Microsoft plans on opening its long-planned stores in Scottsdale, Ariz., and Mission Viejo, Calif., this fall
Microsoft’s first retail stores will open this fall in Scottsdale, Ariz., and Mission Viejo, Calif., according to the company.
Fulfilling an earlier promise to challenge Apple’s retail experience head-on, Microsoft will open a storefront at The Shops at Mission Viejo, which already features an Apple Store. By contrast, the mall in Scottsdale will be competition-free for the planned Microsoft outlet.
Microsoft spokesperson Kim Stocks referred to both locations as “hot markets.”
Microsoft’s store openings constitute a large part of the company’s broader strategy to take its rivals in a more aggressive manner. As detailed in a 140-slide PowerPoint document leaked to Gizmodo, early concepts for the store include kiosks for products such as Windows 7 and Windows Mobile-equipped smartphones, along with wall displays for Xbox, accessories, laptops and software.
In a nod to the Apple Store, some of the PowerPoint slides feature designs an in-store event area, as well as an “Answers Bar” that seems reminiscent of Apple’s Genius Bar. Microsoft hired consulting company Lippincott, whose client roster includes McDonald’s, Sonic Drive-In and Wal-Mart, to craft the concepts.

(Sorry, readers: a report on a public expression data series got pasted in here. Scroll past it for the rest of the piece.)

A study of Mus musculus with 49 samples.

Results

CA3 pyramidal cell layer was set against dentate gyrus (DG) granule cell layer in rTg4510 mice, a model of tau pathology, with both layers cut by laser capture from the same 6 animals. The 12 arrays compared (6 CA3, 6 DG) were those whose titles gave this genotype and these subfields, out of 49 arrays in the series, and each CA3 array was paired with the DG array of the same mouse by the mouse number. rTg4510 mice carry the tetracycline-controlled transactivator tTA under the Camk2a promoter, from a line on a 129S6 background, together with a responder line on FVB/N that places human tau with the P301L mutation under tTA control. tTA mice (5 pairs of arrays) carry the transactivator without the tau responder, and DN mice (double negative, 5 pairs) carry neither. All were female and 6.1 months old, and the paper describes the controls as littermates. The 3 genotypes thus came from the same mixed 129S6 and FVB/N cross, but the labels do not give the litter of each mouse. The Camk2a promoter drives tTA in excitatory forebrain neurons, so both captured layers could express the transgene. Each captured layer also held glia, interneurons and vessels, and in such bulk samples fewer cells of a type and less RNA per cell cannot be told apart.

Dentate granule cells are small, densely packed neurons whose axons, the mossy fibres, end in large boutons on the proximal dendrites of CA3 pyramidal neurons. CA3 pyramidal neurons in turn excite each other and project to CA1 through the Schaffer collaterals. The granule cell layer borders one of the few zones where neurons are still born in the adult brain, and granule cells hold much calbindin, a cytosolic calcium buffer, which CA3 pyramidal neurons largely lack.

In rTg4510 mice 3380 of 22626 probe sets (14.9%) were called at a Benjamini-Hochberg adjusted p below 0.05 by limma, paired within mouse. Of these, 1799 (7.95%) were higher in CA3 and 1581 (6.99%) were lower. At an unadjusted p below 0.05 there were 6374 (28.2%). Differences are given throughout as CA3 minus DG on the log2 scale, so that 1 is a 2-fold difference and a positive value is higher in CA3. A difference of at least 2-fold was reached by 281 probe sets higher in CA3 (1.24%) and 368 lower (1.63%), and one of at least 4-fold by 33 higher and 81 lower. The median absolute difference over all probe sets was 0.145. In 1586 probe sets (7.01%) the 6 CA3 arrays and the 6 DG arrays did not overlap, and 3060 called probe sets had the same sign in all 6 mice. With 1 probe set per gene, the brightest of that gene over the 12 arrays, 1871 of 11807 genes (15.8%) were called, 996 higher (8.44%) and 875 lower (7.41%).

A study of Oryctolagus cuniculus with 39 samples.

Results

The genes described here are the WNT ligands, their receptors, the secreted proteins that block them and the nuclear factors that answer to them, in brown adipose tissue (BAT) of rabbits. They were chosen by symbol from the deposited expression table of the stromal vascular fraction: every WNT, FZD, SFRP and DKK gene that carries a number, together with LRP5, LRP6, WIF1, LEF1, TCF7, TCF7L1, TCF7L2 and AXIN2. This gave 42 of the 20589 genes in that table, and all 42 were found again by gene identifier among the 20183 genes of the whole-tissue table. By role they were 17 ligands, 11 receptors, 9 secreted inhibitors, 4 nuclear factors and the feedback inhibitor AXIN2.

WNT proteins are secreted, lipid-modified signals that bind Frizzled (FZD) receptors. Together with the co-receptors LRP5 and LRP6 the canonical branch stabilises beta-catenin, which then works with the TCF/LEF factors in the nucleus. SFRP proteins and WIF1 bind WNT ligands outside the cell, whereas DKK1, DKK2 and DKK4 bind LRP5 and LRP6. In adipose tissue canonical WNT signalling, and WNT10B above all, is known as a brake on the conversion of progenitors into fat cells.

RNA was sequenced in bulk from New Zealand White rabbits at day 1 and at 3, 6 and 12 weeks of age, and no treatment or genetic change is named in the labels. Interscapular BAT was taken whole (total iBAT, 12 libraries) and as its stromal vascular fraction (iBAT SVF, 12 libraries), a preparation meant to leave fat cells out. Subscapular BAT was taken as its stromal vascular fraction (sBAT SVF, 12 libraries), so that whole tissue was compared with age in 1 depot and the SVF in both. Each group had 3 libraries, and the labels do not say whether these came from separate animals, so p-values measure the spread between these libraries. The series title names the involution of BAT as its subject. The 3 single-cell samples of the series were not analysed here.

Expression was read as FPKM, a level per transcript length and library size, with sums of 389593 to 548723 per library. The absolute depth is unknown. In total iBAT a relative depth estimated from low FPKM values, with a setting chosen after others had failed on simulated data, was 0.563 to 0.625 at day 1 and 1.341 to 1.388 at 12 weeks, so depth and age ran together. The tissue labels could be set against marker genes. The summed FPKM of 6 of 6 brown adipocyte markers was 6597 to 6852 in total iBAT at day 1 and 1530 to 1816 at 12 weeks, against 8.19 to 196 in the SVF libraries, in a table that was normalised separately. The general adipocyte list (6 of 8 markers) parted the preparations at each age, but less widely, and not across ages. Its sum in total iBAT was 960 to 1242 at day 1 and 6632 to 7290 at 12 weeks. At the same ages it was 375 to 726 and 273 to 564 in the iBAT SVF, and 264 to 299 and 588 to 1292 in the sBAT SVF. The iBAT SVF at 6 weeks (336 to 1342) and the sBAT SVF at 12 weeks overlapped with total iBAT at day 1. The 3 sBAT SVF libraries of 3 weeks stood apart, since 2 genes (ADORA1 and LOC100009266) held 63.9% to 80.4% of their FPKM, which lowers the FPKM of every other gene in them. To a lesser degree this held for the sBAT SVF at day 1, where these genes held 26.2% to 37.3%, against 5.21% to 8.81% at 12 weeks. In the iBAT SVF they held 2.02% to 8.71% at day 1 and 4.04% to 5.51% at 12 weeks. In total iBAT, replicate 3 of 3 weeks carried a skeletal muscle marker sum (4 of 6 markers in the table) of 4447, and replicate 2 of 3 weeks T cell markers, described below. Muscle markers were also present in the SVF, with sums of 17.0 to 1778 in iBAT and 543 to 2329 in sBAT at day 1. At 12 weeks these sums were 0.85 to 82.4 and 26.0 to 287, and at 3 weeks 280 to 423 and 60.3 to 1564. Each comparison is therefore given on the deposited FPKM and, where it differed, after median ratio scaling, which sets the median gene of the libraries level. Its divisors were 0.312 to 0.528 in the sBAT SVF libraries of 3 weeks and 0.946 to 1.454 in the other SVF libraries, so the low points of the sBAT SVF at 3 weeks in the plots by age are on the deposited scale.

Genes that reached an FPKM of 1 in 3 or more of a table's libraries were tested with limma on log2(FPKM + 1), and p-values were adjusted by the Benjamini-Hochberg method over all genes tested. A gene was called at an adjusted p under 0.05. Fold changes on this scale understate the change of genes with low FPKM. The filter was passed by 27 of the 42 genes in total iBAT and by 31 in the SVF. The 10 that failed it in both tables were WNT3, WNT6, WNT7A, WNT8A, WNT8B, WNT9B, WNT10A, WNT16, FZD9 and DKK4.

Microsoft seemed displeased about the leak, with a spokesperson dismissing the slides as merely rough drafts of the stores’ final form:
“As a part of our process in briefing creative agencies, we shared some early prototypes and concepts of our retail store plans. No final decisions have been made. As we previously announced, we are on track to open retail stores this fall.”
Microsoft hired George Blankenship, the former Gap executive who helped launch Apple’s retail arm in 2001, to help guide its store rollout. Blankenship’s role with Apple was to choose the best locations for stores, something he could potentially emulate for Microsoft.
With sales of new PCs and devices dragged down by the continuing recession, though, Microsoft could also find itself vulnerable as it extends into the retail space. The Redmond, Wash., company is hoping that its upcoming operating system, Windows 7, will prompt a new round of hardware purchases as customers and businesses decide to engage in a tech refresh.